Growing up in Arkansas, it was customary for me to spend a portion of summer break with my paternal grandparents in El Dorado. Granny and Granddaddy never met a stranger, and I suppose that’s why a great deal of my time with them was spent listening to conversations concerning who’s obituary was in the newspaper and, subsequently, attending his/her funeral. While this wasn’t my idea of a great way to celebrate being out of school, those experiences allowed me training on the protocol of the events following death, from ordering a spray of flowers to what to anticipate during the honor guard ceremony at a military funeral.
As with any social event (and, though a sad occasion, funerals certainly fall within that category) there is proper etiquette to follow in paying one’s last respects. This holds true for those who are familiar with the deceased, as well as passersby who just happen to be in the presence of a hearse followed by a limousine and line of cars. That parade of mourners is referred to as the funeral procession or cortège, and takes the grieving family to the location of the funeral service and, afterwards, to interment. Here are a few rules that pertain solely to the funeral procession:
Go – If participating in the procession, be prepared to drive at a slower pace – typically 30-40 mph on surface streets and no more than 55 mph on the highway. Your headlights should be illuminated or flashing, and you should remain close to the vehicle in front of you, so that there’s no room for an outside vehicle to separate you from the group.
Yield – Should you see a funeral procession approaching, with or without police escort, know that in most all states it is the law that you should yield the right-of-way to the motorcade. They will likely not have to obey stop signs or traffic signals. This does not apply in the presence of emergency vehicles; emergency vehicle law trumps that of the procession.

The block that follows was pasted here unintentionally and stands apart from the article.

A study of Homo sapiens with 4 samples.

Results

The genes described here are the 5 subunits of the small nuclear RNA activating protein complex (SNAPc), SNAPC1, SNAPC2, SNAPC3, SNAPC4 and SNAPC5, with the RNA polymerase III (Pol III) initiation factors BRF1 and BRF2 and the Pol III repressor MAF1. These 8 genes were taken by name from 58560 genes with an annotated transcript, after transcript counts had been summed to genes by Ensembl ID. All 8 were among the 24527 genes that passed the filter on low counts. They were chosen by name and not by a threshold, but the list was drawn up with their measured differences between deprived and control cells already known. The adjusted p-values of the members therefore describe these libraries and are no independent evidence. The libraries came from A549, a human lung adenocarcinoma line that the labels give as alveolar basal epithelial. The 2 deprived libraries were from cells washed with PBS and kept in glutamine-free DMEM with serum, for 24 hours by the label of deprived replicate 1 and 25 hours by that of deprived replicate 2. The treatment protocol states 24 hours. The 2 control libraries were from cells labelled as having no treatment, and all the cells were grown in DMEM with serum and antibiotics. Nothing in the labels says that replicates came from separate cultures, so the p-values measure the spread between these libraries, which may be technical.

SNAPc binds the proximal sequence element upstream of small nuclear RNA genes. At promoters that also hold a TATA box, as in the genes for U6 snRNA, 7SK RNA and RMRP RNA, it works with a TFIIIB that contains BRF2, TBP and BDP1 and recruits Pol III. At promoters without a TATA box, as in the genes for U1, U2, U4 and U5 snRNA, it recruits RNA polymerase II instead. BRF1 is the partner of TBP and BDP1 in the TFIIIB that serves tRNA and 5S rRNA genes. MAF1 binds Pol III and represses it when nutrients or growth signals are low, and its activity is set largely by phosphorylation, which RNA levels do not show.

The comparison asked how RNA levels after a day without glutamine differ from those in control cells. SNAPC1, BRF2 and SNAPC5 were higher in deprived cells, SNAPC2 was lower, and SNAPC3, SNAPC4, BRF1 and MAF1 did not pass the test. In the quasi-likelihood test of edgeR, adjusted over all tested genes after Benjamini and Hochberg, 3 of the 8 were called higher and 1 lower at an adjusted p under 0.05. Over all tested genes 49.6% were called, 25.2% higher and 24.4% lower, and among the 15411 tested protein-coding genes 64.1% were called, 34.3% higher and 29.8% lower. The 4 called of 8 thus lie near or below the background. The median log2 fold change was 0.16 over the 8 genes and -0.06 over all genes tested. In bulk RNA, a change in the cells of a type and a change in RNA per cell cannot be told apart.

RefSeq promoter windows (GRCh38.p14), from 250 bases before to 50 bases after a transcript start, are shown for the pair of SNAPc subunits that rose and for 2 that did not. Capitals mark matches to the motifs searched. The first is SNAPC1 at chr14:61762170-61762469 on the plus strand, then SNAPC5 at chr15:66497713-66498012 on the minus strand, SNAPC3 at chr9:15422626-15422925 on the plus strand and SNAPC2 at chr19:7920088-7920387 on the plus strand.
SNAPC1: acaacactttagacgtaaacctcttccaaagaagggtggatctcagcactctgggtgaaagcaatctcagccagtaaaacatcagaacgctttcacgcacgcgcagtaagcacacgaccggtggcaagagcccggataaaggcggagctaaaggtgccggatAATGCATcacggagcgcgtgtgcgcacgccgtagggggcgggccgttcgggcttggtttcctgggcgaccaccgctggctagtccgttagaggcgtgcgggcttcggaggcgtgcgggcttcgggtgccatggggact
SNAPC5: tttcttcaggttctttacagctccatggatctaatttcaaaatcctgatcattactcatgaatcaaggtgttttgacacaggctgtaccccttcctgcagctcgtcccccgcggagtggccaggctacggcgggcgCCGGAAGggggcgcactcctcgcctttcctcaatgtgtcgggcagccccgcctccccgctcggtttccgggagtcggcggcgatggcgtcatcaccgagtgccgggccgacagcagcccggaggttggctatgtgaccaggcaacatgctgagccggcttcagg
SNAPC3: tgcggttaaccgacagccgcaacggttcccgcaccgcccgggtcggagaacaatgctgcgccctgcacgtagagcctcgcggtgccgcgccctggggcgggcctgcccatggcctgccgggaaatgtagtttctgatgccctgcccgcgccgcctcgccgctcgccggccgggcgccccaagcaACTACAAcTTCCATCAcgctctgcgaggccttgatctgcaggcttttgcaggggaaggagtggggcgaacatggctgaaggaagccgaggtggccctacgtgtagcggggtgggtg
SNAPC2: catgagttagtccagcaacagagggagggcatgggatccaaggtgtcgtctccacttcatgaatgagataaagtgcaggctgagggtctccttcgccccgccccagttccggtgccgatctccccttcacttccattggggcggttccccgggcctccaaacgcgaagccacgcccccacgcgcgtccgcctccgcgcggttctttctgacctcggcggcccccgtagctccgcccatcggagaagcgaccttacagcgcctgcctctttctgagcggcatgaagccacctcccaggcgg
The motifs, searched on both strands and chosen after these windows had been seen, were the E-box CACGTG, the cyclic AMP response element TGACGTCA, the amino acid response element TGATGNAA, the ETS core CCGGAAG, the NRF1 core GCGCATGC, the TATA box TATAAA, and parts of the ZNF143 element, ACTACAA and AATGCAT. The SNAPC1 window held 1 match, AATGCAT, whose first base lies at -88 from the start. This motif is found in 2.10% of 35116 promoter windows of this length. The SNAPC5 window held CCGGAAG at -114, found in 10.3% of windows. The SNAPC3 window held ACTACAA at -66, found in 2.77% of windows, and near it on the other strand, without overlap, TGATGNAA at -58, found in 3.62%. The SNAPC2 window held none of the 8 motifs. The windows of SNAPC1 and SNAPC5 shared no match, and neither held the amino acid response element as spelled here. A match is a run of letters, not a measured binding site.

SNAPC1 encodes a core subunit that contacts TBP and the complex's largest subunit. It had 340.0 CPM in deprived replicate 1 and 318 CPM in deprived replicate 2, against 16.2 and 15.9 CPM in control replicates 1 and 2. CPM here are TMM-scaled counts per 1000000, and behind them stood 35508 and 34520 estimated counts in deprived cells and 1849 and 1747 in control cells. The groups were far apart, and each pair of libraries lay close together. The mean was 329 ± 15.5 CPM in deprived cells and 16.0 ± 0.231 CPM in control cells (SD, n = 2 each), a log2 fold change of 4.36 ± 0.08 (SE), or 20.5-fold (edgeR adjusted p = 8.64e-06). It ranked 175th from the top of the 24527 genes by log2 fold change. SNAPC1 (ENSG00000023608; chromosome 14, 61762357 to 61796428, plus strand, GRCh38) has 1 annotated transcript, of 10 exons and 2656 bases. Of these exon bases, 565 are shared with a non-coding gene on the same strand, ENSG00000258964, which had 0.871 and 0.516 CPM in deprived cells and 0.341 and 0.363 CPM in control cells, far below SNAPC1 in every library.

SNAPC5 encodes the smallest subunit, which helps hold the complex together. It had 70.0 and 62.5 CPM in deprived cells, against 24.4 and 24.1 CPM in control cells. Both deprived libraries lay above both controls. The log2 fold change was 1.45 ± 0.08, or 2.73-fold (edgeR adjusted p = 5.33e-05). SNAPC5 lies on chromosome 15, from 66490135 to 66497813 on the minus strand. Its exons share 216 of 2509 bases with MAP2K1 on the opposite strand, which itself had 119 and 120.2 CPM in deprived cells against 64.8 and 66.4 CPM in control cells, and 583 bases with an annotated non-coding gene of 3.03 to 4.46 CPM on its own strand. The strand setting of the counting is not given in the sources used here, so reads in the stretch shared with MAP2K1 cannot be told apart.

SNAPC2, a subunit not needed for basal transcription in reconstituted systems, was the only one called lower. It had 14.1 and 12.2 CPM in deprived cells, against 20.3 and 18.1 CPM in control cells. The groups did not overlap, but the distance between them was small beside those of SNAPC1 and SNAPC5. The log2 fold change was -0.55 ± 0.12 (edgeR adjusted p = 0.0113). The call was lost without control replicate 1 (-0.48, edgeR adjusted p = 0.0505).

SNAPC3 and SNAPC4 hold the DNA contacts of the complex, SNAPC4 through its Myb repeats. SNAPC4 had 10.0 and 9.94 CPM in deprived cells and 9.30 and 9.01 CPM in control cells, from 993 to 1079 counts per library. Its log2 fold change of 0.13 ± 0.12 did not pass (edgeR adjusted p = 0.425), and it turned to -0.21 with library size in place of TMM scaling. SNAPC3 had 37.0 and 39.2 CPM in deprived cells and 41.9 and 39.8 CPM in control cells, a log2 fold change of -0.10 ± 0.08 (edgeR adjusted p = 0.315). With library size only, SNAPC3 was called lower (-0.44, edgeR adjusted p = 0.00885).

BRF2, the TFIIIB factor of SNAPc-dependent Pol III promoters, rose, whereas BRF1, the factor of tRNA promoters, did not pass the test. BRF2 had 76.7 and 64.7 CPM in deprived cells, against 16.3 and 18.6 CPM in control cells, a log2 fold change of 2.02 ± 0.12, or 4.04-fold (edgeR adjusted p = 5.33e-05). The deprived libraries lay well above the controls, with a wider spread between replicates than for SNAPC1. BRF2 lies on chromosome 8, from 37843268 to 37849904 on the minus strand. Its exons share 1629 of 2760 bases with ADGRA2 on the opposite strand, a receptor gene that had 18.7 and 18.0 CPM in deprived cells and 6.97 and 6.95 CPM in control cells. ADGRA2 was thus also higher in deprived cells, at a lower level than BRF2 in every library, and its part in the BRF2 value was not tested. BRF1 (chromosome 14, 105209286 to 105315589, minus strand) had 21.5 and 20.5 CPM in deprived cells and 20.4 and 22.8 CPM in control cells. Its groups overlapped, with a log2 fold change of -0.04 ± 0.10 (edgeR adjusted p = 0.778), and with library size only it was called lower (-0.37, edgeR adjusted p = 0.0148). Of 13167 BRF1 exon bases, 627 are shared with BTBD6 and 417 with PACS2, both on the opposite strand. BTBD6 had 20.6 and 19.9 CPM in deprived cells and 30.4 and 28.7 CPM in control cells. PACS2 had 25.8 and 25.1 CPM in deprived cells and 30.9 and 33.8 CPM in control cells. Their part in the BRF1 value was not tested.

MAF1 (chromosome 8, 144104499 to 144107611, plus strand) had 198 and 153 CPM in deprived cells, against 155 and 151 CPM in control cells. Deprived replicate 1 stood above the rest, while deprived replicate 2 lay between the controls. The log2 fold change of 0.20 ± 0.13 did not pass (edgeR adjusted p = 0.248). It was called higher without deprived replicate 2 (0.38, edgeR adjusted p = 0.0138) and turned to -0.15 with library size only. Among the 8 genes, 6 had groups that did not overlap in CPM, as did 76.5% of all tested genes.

Stop – Be respectful as the procession passes. By all means, resist honking at the line of cars. Additionally, be sure to wait for the last motorist to pass, so that you don’t cut off, cut into, or join the procession. Know that it is considered uncouth to pass the motorcade. However, if the cortège is in the far left lane of the highway, you can slowly pass the cars on the right. If standing outside, it is polite to remove your hat and stand silently until the procession has passed.
I vividly remember witnessing my first funeral procession in El Dorado; it scared me a bit. My grandfather had just taken me to the ice cream stand, then suddenly pulled off the road and turned off the radio. He’d abruptly ended our conversation and placed his hand over his heart. Afterwards, he took care in explaining his display of respect. It was comforting to see that same level of civility shown during my time spent in his motorcade; driving to church and to Granddaddy’s gravesite. By following these guidelines, you, too, will exhibit compassion for the grieving family and friends as they make their way to the final resting place of their loved one.